What was, what's new, what's now

Mommy makeover: what was, what’s new, what’s now

betty ming liu Inspiration 23 Comments

Last fall was so crazy that I just stopped blogging. All I did was work. Which left me exhausted. Then, I reflected on my life by looking at three categories: what was, what’s new, what’s now. And then, I saw the hole in my heart, the truth: I was an empty-nesting mom in transition.

Oh, it’s hard to stop being a mommy! For more than two decades, I was raising my precious princess, my only child. But last year, I had to let her go and focus on me. These goals led to great things but also had me too busy. I turned into a human doing instead of staying a human being.

Since November, I’ve been reflecting and reorganizing. Where have I been? Where am I going? I had to look at what was, what’s new, what’s now. And what I discovered surprised me about the empty-nesting experience. Now, I have a chance to really feel and do whatever I want with my life!

No self-censorship. No personal judgment. No people pleasing.

No more college tuition bills, haha.

What was, what's new, what's nowWhat was

When I finally sat down to think about what-was, I saw myself as the daughter of immigrant parents, trying so hard to be good and do good. I was the divorced, single mom who worked a bunch of teaching gigs, always trying to prove myself.

For the past four years, it’s been a very college-y lifestyle. My daughter was away at university. Meanwhile, I was part-time Prof. Betty at three different campuses: NYU (journalism), The New School (creative writing) and Westchester Community College (communication skills).

When I came home from classes, I’d hang out with the two cats, blog, paint, do things with friends, see my shrink. My daughter would visit us on holidays. I was so used to this routine that I barely noticed how much things changed in 2017.

What’s new

Last year brought many reasons to celebrate.

First, The Princess graduated from college in May and found a fantastic job.

I “graduated” too, from a training program, and became a certified life coach.

By the end of the summer, my grown-up daughter moved far away.

I was home, learning to keep my opinions to myself and mind my own business as the mother of an adult daughter.

I was also revving up my new side hustle. Clients wanted coaching on everything from writing skills, career choices and family matters to  relationships, addiction and weight loss.

It was busy. But who was I? What was the point of my life, beyond working with clients and college students?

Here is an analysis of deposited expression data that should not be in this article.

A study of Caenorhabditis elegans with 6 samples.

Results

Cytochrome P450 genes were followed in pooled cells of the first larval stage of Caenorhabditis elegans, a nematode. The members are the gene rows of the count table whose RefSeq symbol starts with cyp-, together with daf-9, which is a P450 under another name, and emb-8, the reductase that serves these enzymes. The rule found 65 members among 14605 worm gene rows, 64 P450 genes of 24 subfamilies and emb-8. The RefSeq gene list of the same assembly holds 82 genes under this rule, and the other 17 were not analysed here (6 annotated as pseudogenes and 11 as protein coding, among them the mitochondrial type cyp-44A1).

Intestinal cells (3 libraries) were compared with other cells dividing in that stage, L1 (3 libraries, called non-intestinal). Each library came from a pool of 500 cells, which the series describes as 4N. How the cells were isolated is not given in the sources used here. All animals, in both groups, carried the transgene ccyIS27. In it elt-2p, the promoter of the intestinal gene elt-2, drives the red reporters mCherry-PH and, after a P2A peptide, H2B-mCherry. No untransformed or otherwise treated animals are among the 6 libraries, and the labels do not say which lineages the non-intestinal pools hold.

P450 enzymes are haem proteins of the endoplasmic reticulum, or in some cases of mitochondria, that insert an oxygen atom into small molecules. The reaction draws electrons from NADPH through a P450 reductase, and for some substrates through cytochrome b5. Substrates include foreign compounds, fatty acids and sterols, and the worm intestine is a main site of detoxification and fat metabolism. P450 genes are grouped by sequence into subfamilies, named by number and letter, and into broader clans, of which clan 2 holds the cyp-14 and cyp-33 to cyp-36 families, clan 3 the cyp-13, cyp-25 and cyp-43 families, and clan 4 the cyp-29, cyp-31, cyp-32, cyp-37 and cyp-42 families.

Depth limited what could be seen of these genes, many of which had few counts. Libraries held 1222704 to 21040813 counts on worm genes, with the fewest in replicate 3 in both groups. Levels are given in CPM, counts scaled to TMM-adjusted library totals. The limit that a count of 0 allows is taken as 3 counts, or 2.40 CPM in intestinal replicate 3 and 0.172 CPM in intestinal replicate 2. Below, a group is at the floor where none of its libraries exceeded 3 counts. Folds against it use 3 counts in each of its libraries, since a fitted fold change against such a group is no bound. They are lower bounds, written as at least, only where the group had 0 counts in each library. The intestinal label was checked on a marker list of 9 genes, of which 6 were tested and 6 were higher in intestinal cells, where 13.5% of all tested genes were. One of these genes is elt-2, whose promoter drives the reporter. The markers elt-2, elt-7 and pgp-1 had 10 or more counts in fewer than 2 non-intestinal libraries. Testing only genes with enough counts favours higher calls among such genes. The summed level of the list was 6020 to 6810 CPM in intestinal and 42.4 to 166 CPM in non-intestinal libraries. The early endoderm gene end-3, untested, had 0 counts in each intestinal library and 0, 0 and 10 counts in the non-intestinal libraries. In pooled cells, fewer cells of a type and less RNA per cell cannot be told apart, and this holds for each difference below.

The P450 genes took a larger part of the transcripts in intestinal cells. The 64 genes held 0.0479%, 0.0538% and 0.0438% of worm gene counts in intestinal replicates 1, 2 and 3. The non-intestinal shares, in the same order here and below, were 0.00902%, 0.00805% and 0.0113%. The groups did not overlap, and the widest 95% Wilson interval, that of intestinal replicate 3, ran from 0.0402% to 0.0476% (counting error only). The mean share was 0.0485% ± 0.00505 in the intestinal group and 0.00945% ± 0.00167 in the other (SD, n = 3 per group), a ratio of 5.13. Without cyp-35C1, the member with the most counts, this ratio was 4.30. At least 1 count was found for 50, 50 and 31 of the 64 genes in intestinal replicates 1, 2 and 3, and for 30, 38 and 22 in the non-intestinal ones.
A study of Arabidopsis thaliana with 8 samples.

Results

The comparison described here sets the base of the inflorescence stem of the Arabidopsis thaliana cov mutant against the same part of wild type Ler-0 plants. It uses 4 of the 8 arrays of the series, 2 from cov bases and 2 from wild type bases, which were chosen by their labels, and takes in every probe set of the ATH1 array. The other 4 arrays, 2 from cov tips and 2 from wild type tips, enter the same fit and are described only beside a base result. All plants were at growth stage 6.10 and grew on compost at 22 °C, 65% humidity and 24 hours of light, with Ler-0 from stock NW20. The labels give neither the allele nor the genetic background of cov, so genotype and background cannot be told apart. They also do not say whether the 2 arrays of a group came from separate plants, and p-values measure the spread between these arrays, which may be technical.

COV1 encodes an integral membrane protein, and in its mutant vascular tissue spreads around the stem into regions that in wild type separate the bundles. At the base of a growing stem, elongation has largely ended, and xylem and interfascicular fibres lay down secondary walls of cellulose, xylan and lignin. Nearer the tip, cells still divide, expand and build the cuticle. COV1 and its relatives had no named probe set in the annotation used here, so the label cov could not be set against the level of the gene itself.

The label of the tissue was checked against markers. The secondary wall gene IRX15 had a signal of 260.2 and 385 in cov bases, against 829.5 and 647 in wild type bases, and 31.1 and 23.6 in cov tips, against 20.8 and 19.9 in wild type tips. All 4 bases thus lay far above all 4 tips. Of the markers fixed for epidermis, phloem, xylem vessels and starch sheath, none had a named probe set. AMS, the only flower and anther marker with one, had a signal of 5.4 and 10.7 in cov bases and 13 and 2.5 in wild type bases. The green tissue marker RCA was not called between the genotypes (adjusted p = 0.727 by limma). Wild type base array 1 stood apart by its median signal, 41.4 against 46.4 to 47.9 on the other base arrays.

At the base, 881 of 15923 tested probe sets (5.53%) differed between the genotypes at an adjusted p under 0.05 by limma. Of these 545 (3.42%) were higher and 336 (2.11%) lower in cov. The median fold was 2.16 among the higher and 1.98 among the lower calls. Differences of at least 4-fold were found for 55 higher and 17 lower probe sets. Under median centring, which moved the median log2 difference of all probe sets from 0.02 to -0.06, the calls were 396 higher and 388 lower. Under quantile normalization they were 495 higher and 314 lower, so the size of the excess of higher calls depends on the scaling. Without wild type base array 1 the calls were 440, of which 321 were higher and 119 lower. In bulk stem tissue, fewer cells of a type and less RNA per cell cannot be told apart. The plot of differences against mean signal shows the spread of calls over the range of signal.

What’s now

The answers came as I dived into retail therapy. That might sound shallow but it was actually a meditation. What do I deserve to have? Did I want to make lifestyle changes? How do I define “fun”? Here’s what I came up with:

  • I gave my daughter our 13-year-old car and leased myself a cute, 2017 Honda Civic hatchback.
  • It was time to replace the ancient 2007 Apple desktop and old iPhone with the latest models.
  • I let my hairdresser try out a short haircut with caramel highlights. I bought new makeup, too.
  • For more support, I joined a book group, an artist’s group and went back to Weight Watchers.  
  • Ready for even more love, I adopted a rescue pit bull and shopped like mad for doggie gear.

Each of these decisions triggered deep emotions about who I am. Now, each day brings new feelings, choices and actions.

What was, what’s new, what’s now…for you?

As an empty-nesting mom, the big challenge is to nurture myself. Rediscover who I am. If there’s one word to describe the process, it’s “float.”

That’s the word for me. It comes out of assessing what was (mommy me), what’s new (me, just me), what’s now (embracing more of me). I’m floating around, exploring, keeping things easy, getting more sleep.

What about you? Do you have a key word that describes your intentions for yourself? Any sense of what was, what’s new, what’s now? What’s happening with your story?




    xo

    Charlotte


  3. Phew! I thought you’d given up on us Betty! Great to see you back in 2018! You’ve been a great source of inspiration for me>I too have made some important changes in my life and loving every minute!



  5. Betty: Welcome back! Just reading about everything you are involved with has tired me out. I have to take a nap now. My own life has been geared toward doing less. I managed to keep the college in check to only assign me one course this semester so I only work 2 days a week and am wondering how much longer I want to do even that much. My present goal is to spend more time reading and writing – and making more of an effort to keep the house in order. The boys were all here for Thanksgiving and Christmas and that was grand but exhausting. We decided Thanksgiving next year will be at one of their homes instead of here. Time to spread the work load and expand the tradition. It’s all a natural part of getting old and I’m fine with it. Billy is aceing his MA program, BTW – stellar grades and comments from his professors – but we expect no less, right?


  6. Loved the reassessment (done via “nut graf”) and the new haircut!! Lots to be learned from your new approach. First step trying not to be a “human doing”!!!!!


    The past year has been full of transitions here, too. I, too, am coming into Me-ness more fully, though with different catalysts for my transition. I am even responding to the prod to start my own blog at long last. Writing is indeed a salvation and a salve.

    Thank you for sharing You with us. Cool beans!

    ❤️


  9. Congratulations! Thanks for your life coaching. I have enjoyed the experience as well as the insights you helped me to make. Glad I could be part of your hours long distance. It really is a natural calling for you. Kung Hee Fat Choy!